A team of five engineers from different Volvo Group companies is to receive the 2010 Volvo Technology Award for its work in developing Volvo Penta’s Dynamic Positioning System – a system that maintains the boat in its current position.
The 2010 Volvo Technology Award recognizes some of the comprehensive further development work carried out by Volvo Penta since the initial introduction of EVC (Electronic Vessel Control), the electronic platform for leisure craft, in 1999, and the introduction of IPS (Inboard Performance System), its unique propulsion system, in 2005.
DPS (Dynamic Positioning System), the innovation which has earned this year’s award, enables the driver to maintain the boat’s current position and compass heading to within a couple of metres with just fingertip control. This is a very useful function, for example when queuing to refuel, or waiting at locks or opening bridges.
DPS is controlled by a special program integrated in Volvo Penta’s electronic platform, EVC. An antenna with twin GPS receivers provides the system with precise position and course information. The software uses this information to control the engine speed, gear selection and slip functions, as well as the drive units.
“It is five years since i presented the Volvo Technology Award for the development of IPS, and I now have the pleasure of presenting it once again to two of the winners on that occasion,” says Leif Johansson, president and CEO of the Volvo Group.
“Success breeds success when it comes to ongoing and innovative engineering development. The recipients of this year’s award also include a number of young engineers from the Volvo subsidiary, CPAC Systems, in recognition of their contribution to the DPS project.”
The development of DPS included every aspect of the drive system, from engine and transmission to control system and HMI (Human-Machine Interface), in which real-time synchronisation between the different elements is essential. One major challenge for the engineers was the requirement that the system should be equally suitable for boats of all types, since Volvo Penta works exclusively with independent boatbuilders. In addition to being intuitive and offering a high level of safety, the system also had to be error-tolerant and easy to install.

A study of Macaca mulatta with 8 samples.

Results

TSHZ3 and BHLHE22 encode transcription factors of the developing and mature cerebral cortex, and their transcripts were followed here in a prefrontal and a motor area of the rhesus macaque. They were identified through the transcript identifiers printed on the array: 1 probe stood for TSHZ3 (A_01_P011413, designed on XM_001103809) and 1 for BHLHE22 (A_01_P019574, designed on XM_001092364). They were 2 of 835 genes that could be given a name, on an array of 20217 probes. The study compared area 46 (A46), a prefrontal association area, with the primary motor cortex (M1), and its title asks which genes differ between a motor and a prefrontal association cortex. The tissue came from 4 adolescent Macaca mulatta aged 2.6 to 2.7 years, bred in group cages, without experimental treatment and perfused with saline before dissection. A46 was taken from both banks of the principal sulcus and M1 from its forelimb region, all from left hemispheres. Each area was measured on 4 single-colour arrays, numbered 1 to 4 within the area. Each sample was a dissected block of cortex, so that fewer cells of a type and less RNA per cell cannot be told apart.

Following the major interest aroused by the IPS drive system and the resultant high demand for it on the world market, Volvo Penta engineers, together with colleagues from other units of the Volvo Group, continued their intensive development work on the drive itself, as well as on various other accessories.
A ‘joystick’ for manoeuvring boats was introduced early in 2006 and has become one of the most appreciated products in the boating world in recent years. Autumn 2006 saw the launch of multiple installations of both three and four IPS units in large yachts. A special sport fishing function appeared in 2007 followed, in 2009, by the introduction of a large IPS drive offering even higher power.
Drawn from different Volvo Group companies, the five engineers that formed the DPS development team were:
Lennart Arvidsson (project manager and transmission specialist, Volvo Penta, winner in 2005)
Oddbjörn Hallenstvedt (transmission specialist, Volvo Powertrain, winner in 2005)
Caroline Henriksson (system development and technical project manager, CPAC Systems)
Anders Gunne (boat control algorithms, CPAC Systems)
Marcus Brorsson (driveline control, CPAC Systems)
Instituted in 1988, the Volvo Technology Award is being presented this year for the 23rd time. Its purpose is to recognise outstanding technological achievements by Volvo Group personnel, which help to raise the Group’s technological image and promote initiatives that will advance its technological expertise in the years ahead.